While firing on the effigies in the sea, one of the planes in San Lorenzo's air force caught fire and crashed into the cliff over Monzano's castle. One tower of the castle broke off into the sea, setting off a huge rockslide that swept over the Mintons, killing them. Shortly thereafter, the rockslide carried Monzano's bed and body into the sea. Within seconds, ice-nine covered the world, and tornadoes were raged over the frozen sea.
John and Mona took refuge in Monzano's underground bomb until the tornadoes died down, passing the time with a furious sexual orgy. Afterward, John occupied himself with reading a copy of The Books of Bokonon. On the first page, Bokonon warns that everything contained within is nothing but foma, or lies. The book states: When God fashioned His creations out of mud, one of which was humankind, the humans asked God what the purpose was of all His creations. God asked if everything had to have a purpose and the humans replied that it did. Before He left, He assigned them the task of discovering that purpose.
When the weather died down, Mona and John climbed to the peak of Mount McCabe and found thousands of frozen, dead citizens of San Lorenzo neatly assembled. On a boulder, they found a scribbled message from Bokonon. The people who had survived the storm brought him to the peak of the mountain and asked him to explain why God had done this. He replied that God was attempting to kill them all, so he advised them to die, which they did. John expressed anger and indignation at Bokonon's extreme cynicism. Mona laughed and asked if he would wish any of these dead people alive again. When John did not answer, she touched a piece of ice-nine to her lips and died.
Lowe and Hazel took John to the remains of Frank's house where Newt and Frank were waiting. Angela died when she tried to play a clarinet with a mouthpiece contaminated with ice-nine. Philip and Julian died while helping people at Julian's hospital. For six months, John, the Crosbys, and the Hoenikker brothers ate canned foods and melted ice-nine to create potable water. Hazel occupied her time by sewing an American flag while Lowe worked as the cook. Frank built a transmitter to send an S.O.S. signal day and night, and John busied himself with writing the story of events that is Cat's Cradle.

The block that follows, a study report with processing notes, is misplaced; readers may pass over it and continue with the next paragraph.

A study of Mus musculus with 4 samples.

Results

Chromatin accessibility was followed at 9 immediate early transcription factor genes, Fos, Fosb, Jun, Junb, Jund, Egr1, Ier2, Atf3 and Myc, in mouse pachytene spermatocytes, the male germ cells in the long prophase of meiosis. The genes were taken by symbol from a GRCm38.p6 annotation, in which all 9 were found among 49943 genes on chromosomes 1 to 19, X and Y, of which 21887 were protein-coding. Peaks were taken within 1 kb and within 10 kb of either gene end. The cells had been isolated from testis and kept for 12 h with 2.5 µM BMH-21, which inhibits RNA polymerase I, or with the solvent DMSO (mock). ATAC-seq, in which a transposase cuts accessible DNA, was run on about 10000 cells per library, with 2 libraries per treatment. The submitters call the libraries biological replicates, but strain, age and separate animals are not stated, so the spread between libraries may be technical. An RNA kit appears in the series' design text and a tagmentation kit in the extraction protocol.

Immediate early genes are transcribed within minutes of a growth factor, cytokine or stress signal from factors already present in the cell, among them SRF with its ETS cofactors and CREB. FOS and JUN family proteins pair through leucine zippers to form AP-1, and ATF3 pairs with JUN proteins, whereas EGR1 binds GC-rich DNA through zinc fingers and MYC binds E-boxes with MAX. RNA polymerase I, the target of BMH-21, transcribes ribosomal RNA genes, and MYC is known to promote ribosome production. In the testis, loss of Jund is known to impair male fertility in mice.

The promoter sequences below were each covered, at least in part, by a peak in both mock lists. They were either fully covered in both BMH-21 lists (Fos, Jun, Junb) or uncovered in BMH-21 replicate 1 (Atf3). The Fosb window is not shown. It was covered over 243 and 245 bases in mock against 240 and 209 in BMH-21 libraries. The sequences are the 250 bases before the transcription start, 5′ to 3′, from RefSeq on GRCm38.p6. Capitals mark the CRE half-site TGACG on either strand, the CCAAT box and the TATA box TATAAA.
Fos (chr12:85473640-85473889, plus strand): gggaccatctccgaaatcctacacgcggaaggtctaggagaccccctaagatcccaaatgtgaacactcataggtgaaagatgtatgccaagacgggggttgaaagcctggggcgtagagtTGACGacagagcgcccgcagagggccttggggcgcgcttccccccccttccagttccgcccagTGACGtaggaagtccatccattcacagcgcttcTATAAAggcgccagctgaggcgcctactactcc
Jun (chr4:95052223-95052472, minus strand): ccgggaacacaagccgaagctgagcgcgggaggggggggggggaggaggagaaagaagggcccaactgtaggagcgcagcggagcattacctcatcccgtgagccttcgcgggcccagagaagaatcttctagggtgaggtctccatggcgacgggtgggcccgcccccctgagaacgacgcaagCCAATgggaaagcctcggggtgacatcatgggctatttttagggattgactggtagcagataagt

Frank found some surviving ants and built up an ant farm. He watched the ants day and night as they adapted to the new circumstances brought about by ice-nine. John offered flippant answers to Frank's questions about the ants. Frank replied that he had grown up a lot, so that he no longer took "silly answers seriously." John replied that he had grown up and dealt with his social anxieties by killing off almost every living thing on earth, but his criticism fell on deaf ears.
When Newt and John discussed the loss of their sexual urges, Newt pointed out that all the fuss about sex was really about reproduction. Now that the world was hopeless and they have no childbearing women around, they have lost the sexual drive. John later met Bokonon sitting on a rock writing the last installment of his religious books. The last sentence declared that if Bokonon were a younger man he would write a history of human stupidity before lying on the ground to commit suicide by ice-nine while thumbing his nose at God.
A prisoner once sent Felix a copy of a book he wrote about the end of the world. In his book, people engaged in a sexual orgy when the end was near. John repeated this scenario exactly. When facing the end of most life on earth, he satisfied his sexual urges. Again, Bokonon's distrust of humanity's ability to change its behavior despite numerous warnings is justified by the behavior of the other characters. Despite the warnings offered by Felix's irresponsible decision to rest before cleaning up the mess of ice-nine in his kitchen, the Hoenikker siblings and John did exactly the same thing. As a result, the plane crash unleashed ice-nine into the ocean.
Bokononism acknowledges humanity's irrational need for a reason and purpose in human existence. Bokonon's legend of humanity's creation portrays God as a playful court jester who sends his creations out to find a meaning and purpose where there is none. Bokononism doesn't offer an explanation for God's decision to create human beings. God assigned humanity the task of discovering the purpose behind their existence only because humanity demanded one. Nor does Cat's Cradle offer a purpose for humanity's ultimate destruction. In fact, the end of the world came about as the result of a stupid, careless accident. Survivors like Hazel reacted to the disaster with laughable trite phrases, such as, "It's no use crying over spilt milk." However, what reactions other than suicide or laughter are possible in the face of such a stupid catastrophe? In essence, "spilt milk" is the most accurate description of the accident. The end of the world was a dumb accident, with no grandeur, over in an instant.
Newt and John concluded that humanity's only real purpose was perpetuation of the human race. The entire human search for meaning within Cat's Cradle involved an immense outpouring of rational thought in search of a prize that did not exist. Everyone had an idea about what humanity should be, and they fought and battled to protect and propagate that idea of humanity. All of the deft handling of arguments and ideas, the justifications of religion, national identity, and political philosophy, nothing more than a game of Cat's Cradle, pointless and without end. And, even after the disaster, after the world had ended and all man's stupidity laid bare, still the survivors clung to the delusions of the past. Bokonon recognized the lost cause of humanity and dreamed of suicide. Hazel spent endless hours in her last days stitching together an American flag, claiming the island of San Lorenzo for a country that was no more.